By Eileen Willard

Unless you climb up thirty or more feet into an eastern white pine tree (Pinus strobus) and take a good look around you might miss seeing a complex reproductive process taking almost two years to complete in this big conifer.

During a recent walk through the Arundel Conservation Trust woods I had the good fortune to see examples of this complex development on downed branches, the result of recent windstorms. We’re all pretty familiar with the 5-6 inch, brown cylindrical woody cones that drop to the forest floor in the fall. We pick them up and look at them with little understanding of their complicated formation process. Rarely do we get to see the immature versions (no larger than an inch) that adorn the treetops in the spring.

Eastern white pines are monecious trees. In other words, they produce both male (pollen cones) and female (seed cones) structures on the same tree. These reproductive structures are commonly called cones and they are very small when they first form in the spring. Tiny green-scaled female cones that turn into those big woody cones we find on the ground are situated in the upper branches while the male cones are found on lower branches--probably nature’s way of discouraging self-fertilization.

The spring pollen grains released from the male cones of another eastern white pine are driven by the wind and settle between the scales on the female cones. Picture each miniature female cone as pointing toward the sky. All the small scales surrounding the outside are ever so slightly opened to allow air to circulate. Tucked between each scale are two ovules that will eventually turn into seeds. The shape of the released pollen grains and the shape of the female cones are actually aerodynamically matched to each other. In this way female eastern white pine cones will only accept the pollen from another eastern white pine. Pollen grains from a different species are excluded. After releasing their pollen, the tiny male cones fall off the tree. Their job is done and we are left sweeping yellow pollen as well as the fallen male cones (they look like “rice-krispies”) off decks and patio furniture.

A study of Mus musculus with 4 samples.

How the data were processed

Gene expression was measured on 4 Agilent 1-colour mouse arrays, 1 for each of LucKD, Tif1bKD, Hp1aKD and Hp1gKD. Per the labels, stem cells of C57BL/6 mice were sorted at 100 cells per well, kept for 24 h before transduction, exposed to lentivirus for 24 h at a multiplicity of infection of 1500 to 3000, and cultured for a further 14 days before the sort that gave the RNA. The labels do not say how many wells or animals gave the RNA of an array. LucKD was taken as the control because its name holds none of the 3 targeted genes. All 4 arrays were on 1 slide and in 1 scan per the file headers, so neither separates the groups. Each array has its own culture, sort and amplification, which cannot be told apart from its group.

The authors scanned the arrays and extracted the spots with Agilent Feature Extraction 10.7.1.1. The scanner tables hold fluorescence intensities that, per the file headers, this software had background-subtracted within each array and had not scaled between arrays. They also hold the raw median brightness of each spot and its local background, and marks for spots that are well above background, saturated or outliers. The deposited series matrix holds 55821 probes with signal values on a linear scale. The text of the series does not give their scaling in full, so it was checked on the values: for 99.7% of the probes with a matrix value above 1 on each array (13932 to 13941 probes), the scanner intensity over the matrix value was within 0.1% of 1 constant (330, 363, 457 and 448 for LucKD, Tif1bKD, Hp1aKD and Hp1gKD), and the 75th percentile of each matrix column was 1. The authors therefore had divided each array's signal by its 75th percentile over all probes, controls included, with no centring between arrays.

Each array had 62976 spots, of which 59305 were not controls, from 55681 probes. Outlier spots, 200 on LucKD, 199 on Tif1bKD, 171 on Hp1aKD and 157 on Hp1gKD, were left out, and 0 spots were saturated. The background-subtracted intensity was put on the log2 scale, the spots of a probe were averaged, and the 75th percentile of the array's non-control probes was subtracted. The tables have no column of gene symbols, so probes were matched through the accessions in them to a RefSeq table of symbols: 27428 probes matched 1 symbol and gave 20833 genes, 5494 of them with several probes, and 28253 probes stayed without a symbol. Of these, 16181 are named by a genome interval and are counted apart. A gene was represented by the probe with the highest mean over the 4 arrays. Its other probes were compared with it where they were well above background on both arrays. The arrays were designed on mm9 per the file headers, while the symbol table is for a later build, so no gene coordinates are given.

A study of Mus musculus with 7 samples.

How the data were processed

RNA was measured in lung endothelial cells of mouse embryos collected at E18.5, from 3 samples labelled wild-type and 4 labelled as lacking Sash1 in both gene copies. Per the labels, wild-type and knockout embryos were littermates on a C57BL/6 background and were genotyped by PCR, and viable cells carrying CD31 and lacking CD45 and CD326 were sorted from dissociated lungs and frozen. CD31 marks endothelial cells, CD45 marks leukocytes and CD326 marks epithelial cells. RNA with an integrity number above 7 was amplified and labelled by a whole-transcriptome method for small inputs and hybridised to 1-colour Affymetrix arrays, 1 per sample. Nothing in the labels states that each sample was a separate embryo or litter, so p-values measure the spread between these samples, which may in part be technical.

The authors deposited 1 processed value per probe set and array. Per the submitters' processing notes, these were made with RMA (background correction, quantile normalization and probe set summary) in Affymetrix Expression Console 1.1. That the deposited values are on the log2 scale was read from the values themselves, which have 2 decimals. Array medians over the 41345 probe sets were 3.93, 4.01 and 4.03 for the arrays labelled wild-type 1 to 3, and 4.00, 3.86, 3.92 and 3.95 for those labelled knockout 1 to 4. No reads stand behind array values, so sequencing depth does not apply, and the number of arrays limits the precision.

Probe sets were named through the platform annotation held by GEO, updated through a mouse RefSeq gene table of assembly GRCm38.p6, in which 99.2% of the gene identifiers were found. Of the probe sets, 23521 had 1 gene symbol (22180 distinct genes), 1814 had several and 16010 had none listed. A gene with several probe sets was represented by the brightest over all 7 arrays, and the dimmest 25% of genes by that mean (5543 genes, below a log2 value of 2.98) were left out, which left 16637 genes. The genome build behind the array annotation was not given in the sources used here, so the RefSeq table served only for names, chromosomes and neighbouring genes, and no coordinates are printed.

Once the proper pollen is accepted, the scales on the small female cone compress together sealing in the pollinated ovules. Then the cone starts to curve downward (as though it were bending over) and takes on a more pendant shape. So far the story is a shut-open-shut sequence. In autumn development stops and the undeveloped female cones remain dormant on the branches all winter.

The following spring the small pendant female cones resume growing larger. At maturity (4-6 inches) they take on the more familiar brown woody appearance we are used to seeing in the fall. It might help to think of your grandmother’s Venetian blinds when picturing the arrangement of the developing seeds tucked between the cone’s woody scales. The cone scales are like the slats of the blinds. When the blinds (cone scales) are opened the seeds slide out. Each released seed has a papery wing that allows it to drift down to the soil with the wind. At this point the almost 2-year sequence has been a shut-open-shut-open case.

Having discarded their seeds, the big woody female cones eventually fall off the trees. Perhaps we might pick them up for Christmas decorations. However, the story doesn’t end here. That which began two years earlier may well be just the beginning of the next majestic tall eastern white pine. With any luck, some of the seeds will land in the right place in a field or forest floor and germinate. The result will be a new baby pine tree, the perpetuation through evolutionary wonder of its species.

If you enjoyed reading this blog post and have any interest in contributing as a writer on our non-profit website please reach out at We love featuring guest writers and leaning into the expertise of our fellow community members.

Eileen Willard leads nature walks with the Arundel Conservation Trust trails - please check in on our events page to see any upcoming walks!